Perception Deception (July 22, 2010)

distorted-perception-qbee-whitener

This morning, by way of making conversation as we rode the elevator, my husband told me a story that launched me into guffaws of laughter. This may say a lot about where my head is at 7:45 AM, but this little anecdote struck me as wildly humorous, largely because it was out of left field and took me by surprise.

Eddie relayed that yesterday at the office, he listened in as a co-worker described him to another man with whom he was not acquainted. The description was as follows: “You know, that tall Indian guy with the sideburns.”

Now you may wonder what exactly it was I found so funny about this identification exchange, and it is in the last part, the “sideburns,” that I located the source of my amusement. Eddie is certainly tall, and definitely Indian, but to include sideburns in this delineation seems to suggest he is some sort of Southeast Asian Ron Jeremy. Nothing could be more misleading. While my metrosexual man does indeed keep a neatly trimmed line of hair in front of his ears, it is hardly the stuff of mutton chops.

What made me decide to devote blog space to this slight exchange however, is the clear fact that the office perception of Eddie as a sideburn sporter REALLY bothered him. He was looking in fact for my affirmation that his well-kept coif was not a flashback to the Disco Decade. Of the few features that Eddie is insecure about, it was certain that sideburns never entered into the equation. I could see the wheels turning in his mind. “Am I a hirsute freak show? How could I never have noticed?”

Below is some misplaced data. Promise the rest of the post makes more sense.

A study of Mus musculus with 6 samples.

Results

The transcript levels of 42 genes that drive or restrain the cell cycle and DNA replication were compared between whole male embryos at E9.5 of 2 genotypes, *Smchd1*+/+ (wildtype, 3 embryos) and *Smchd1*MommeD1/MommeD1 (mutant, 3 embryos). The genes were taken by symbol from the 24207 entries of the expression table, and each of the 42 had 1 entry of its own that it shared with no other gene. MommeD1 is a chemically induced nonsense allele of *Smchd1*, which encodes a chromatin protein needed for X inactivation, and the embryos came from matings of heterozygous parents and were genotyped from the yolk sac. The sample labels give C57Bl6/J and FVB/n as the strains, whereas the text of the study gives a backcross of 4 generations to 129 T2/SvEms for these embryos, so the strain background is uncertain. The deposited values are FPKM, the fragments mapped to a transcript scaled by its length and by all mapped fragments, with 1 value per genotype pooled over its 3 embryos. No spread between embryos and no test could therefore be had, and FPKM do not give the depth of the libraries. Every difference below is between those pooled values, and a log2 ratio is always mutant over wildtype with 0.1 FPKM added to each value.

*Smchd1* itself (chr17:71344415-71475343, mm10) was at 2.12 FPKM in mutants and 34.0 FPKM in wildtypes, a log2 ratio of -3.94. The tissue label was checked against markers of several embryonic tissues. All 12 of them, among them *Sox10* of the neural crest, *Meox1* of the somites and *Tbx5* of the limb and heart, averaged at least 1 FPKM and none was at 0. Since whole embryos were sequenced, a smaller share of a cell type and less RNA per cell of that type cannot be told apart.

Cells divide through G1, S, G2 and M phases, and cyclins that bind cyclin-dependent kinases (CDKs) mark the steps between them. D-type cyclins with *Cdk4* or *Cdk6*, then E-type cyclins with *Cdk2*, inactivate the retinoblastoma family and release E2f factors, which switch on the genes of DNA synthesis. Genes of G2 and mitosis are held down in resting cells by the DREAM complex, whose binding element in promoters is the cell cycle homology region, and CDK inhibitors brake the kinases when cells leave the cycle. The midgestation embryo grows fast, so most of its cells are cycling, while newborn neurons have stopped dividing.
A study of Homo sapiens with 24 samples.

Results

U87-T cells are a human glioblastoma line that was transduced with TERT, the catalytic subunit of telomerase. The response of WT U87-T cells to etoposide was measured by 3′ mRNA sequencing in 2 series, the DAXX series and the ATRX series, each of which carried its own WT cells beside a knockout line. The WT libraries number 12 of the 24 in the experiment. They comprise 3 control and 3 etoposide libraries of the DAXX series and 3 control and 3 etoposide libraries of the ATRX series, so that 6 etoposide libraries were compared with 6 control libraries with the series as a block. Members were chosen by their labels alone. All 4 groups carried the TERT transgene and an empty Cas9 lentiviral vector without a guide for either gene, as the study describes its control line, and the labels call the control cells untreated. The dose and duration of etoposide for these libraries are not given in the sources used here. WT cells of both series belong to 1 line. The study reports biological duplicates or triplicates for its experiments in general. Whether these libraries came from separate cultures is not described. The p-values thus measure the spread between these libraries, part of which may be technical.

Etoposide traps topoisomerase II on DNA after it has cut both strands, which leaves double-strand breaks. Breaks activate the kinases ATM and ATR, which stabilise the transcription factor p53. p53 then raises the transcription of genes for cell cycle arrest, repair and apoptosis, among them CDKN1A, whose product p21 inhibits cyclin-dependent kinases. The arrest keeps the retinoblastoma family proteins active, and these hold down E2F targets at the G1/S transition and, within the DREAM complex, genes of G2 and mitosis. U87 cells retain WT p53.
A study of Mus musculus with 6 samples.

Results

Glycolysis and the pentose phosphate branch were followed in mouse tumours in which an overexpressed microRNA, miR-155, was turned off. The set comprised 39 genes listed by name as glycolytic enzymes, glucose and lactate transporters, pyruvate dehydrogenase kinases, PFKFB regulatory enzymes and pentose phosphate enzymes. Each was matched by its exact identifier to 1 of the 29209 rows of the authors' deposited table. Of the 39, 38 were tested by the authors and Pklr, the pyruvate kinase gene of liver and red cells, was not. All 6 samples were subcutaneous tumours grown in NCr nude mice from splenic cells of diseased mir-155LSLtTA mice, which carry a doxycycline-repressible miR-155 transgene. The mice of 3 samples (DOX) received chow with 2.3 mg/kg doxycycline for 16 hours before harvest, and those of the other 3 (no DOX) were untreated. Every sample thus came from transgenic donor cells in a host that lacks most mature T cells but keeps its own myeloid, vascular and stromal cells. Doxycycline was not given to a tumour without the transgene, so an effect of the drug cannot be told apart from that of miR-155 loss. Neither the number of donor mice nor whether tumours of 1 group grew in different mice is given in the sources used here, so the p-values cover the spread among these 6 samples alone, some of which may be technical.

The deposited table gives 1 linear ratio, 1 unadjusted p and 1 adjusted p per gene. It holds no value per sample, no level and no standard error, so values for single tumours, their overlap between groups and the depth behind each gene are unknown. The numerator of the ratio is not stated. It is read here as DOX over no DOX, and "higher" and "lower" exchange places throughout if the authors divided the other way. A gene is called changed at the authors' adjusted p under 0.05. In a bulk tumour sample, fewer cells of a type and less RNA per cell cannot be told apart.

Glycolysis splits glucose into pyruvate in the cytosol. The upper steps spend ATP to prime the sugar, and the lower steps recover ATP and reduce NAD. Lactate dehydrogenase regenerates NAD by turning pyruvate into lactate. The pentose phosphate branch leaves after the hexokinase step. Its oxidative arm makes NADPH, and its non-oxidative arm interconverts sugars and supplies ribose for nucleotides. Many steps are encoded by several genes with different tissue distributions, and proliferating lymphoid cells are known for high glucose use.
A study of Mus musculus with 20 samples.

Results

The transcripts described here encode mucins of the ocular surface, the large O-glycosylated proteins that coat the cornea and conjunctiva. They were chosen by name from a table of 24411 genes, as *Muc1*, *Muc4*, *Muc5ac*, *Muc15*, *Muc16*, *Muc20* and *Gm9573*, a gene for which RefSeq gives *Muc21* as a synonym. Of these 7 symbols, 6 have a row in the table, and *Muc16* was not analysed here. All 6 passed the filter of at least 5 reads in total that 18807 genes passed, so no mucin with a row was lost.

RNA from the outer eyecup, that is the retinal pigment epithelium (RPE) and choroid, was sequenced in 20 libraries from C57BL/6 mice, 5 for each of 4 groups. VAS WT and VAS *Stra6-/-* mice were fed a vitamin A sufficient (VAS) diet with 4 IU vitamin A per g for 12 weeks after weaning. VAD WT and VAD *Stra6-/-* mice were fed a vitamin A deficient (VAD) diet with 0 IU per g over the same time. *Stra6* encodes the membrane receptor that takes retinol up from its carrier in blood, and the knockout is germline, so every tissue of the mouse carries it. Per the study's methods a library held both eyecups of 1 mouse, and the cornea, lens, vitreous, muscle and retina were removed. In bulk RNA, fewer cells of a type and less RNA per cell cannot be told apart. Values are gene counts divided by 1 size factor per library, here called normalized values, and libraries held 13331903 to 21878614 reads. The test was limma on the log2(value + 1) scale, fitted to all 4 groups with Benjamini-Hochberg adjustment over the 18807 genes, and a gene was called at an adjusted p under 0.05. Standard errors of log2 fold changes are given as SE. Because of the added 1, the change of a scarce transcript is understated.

After assuring him that his hair is decidedly 2010, kempt and adorable, I started to wonder about the way people see me. I always assume that the visual representation is that of a wild haired redhead with a big ass, if they notice me at all. But maybe there is something else that grabs the attention, something I barely notice myself.

It is not as though anyone can afford to obsess over the perceptions people have of them, especially during a split second, visual once over. But like it or not, first impressions matter, maybe even more to those being perceived. We like to believe that we can manage the synthesis of our own image inside another’s brain, but like most other things in life, it seems that this too is out of our control. For some reason, confronting this was something of an awakening for me.

People are going to see what they’re going to see, regardless of any control freak attempts on my part to minimize my perceived flaws. Maybe they will be noticed, or maybe it will be something else altogether that makes a mark. In that case, I might as well just relax and be comfortable. It’s amazing how much I have struggled throughout the course of my life to do that.